The greatest risk of tornadoes is from southeastern Michigan into Ohio.
The National Weather Service's (NWS) Storm Prediction Center (SPC) said that more than 41 million people could see severe weather on Wednesday, with 8 million under a moderate risk. That includes Detroit and Toledo, Ohio.
The storm system that merged with Cristobal will intensify Wednesday and lift into Canada by Thursday.
Cristobal on Tuesday became the fourth tropical system in recorded history to reach Wisconsin, but all prior storms only clipped the far southeastern part of the state.
The fact that this tropical system lifted so far north is remarkable.
As Cristobal moved north, heavy rain and gusty winds were reported across the region.
Chicago's Midway International Airport reported a wind gust of 62 mph and trees were downed in the city.
Electricity provider Commonwealth Edison reported about 19,000 without power in northeastern Illinois late Tuesday. Thousands also lost power in southeast Wisconsin, The Milwaukee Journal Sentinel reported.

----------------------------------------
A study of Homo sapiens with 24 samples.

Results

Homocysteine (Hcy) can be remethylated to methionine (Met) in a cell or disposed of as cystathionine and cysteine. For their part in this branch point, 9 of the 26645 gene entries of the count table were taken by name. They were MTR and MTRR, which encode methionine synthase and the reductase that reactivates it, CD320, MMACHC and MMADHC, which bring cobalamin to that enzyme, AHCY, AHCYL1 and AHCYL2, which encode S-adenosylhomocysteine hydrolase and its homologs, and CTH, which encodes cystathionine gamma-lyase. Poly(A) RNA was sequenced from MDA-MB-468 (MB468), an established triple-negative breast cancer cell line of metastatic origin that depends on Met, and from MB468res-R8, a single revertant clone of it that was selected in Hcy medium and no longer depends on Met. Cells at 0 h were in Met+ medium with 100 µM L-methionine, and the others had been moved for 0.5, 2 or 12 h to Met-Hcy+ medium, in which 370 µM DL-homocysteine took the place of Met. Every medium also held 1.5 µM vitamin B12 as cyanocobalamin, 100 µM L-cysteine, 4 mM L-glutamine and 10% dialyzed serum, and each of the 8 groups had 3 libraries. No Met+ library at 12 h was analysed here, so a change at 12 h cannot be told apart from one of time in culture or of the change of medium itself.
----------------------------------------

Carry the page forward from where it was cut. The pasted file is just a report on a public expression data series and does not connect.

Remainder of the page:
As the remnants passed through Milwaukee, many of the outages were caused by trees and branches hitting power lines.
Boaters also were warned of gale-force winds on Lake Michigan through Wednesday.
Elevated fire threat across Plains
High winds from the storm system brought breezy conditions from Nebraska to Wisconsin.
In parts of Iowa, Minnesota and South Dakota, the gusty winds and low humidity on Wednesday will bring the threat of wildfires in areas with dry grass.
Temperatures also will warm up the rest of the week, adding to the fire threat.
Fox News' Brandon Noriega contributed to this report.